By Holly Crocco
Advocates recently gathered at the Mahopac High School to denounce Albany’s attempt to make local school districts pay for the required changing of mascots and logos that include Native American names and imagery, which the state Board of Regents has deemed offensive.
The ban forces more than 50 districts across the state to remove and replace their school mascots and logos, or at least have a plan of action to do so, by the end of the 2024-25 school year. No financial aid from the state will be provided to help districts make the transition.
“They’re threatening to withhold nearly $30 million of absolutely necessary state aid to ensure that the Mahopac School District actually complies with this, and to make it ever worse than that, they’re making the school district foot the bill,” said Assemblyman Matt Slater, R-Yorktown, on April 28.
According to Slater, changing the mascot and the accompanying logo on all facilities, clothing, vehicles and elsewhere throughout the district will cost an estimated half-a-million dollars.
“This is really the typical big government unfunded mandate obsession that we’ve seen out of Albany time and time again,” he said. “It disrespects taxpayers, it ignores local elected officials and our duly-elected school board, and it takes the conversation out of the hands of the people who call this great community home.”
Slater said the district needs every dollar to go into the classrooms, and toward facility upgrades, increase programing and filling the education gap created by the COVID-19 pandemic, and not wasted on changing a decades-old logo. He has introduced legislation in the Assembly that would reimburse districts for the costs associated with selecting new logos or mascots.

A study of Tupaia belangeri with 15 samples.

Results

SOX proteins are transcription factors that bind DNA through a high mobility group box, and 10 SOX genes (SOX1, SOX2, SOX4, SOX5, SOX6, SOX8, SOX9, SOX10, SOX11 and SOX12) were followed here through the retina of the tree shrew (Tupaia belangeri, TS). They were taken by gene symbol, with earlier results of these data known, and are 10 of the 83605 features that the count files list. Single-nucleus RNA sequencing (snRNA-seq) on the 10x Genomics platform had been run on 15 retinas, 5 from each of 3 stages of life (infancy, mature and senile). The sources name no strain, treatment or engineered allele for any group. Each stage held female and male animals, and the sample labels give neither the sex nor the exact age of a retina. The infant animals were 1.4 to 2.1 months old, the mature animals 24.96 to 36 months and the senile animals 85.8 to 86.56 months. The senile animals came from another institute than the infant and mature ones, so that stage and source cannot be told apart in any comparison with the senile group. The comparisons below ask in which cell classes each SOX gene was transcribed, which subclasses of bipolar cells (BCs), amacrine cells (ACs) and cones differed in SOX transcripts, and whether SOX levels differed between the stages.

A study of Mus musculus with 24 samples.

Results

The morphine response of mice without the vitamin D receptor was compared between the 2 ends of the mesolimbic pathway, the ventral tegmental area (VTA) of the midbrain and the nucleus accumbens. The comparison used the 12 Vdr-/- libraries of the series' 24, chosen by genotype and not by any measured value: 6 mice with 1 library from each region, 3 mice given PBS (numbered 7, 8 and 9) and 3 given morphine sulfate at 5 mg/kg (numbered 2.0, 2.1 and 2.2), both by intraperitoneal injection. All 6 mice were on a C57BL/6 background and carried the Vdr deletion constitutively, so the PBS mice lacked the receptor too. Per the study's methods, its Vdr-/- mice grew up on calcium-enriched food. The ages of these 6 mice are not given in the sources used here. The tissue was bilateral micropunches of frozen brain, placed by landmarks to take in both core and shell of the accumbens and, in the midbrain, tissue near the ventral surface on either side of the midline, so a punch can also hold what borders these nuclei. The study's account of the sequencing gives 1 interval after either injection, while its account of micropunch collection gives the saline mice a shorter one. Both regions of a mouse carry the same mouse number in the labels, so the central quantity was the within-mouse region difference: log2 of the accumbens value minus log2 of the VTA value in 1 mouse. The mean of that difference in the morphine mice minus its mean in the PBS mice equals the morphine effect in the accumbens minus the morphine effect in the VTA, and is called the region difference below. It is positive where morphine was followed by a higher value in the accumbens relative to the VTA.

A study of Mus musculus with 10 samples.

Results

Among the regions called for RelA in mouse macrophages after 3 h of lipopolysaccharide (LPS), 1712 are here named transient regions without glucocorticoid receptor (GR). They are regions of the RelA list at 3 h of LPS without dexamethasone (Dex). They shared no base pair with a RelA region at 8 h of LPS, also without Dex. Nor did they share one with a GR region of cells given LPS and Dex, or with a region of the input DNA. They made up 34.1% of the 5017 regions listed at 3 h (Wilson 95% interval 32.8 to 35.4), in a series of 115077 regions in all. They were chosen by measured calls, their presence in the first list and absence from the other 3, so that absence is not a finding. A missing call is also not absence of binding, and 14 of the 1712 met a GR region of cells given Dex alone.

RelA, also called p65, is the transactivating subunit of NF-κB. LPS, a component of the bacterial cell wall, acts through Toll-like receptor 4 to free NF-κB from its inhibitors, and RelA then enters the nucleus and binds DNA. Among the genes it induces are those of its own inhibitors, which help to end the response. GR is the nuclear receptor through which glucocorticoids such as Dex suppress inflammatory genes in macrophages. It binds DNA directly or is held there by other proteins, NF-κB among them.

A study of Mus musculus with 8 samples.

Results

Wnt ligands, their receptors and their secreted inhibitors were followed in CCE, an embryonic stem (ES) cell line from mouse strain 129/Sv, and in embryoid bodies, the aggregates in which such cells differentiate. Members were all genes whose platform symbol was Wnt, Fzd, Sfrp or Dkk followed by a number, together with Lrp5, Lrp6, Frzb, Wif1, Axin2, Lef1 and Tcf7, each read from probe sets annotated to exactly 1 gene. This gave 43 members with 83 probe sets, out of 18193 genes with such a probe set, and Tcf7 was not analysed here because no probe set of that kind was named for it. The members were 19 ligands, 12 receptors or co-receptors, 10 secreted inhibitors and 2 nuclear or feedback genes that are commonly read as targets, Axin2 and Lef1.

“It shouldn’t be on the backs of our taxpayers, and most importantly, shouldn’t be taking dollars out of the classrooms in order to accomplish this,” said Slater.
Superintendent of Schools Christine Tona said the mandate will have “significant financial implications, which would pull needed resources from our budget and, ultimately, our programs that directly affect our students.”
School board member Tanner McCracken said the state has gotten too comfortable requiring local governmental entities to implement policies without any support.
“This is something the state will do every year,” he said. “They’ll tell us to do something but they won’t supply the funds for it. So we believe that we should always have money from the state to fund these unfunded mandates. The state is bringing this burden on Mahopac. They should bare it.”
Putnam County Executive Kevin Byrne said bureaucrats in Albany have an obligation to make sure districts have the resources to make the changes being required by the state.
“The Board of Regents is not elected by the people of Putnam County or the Mahopac School District,” he said. “The State Education Department is not elected by the people of New York. The State Legislature is. The school board is. They are the ones that should be empowered to make local decisions. They are the ones you have access to.”
Carmel Town Supervisor Mike Cazzari noted that the mandate isn’t only a burden for school districts, but also for seniors and other residents who may see their taxes go up so the district can comply with the mandate.
“If Albany wants something, send us a check for it,” added Town councilman Frank Lombardi.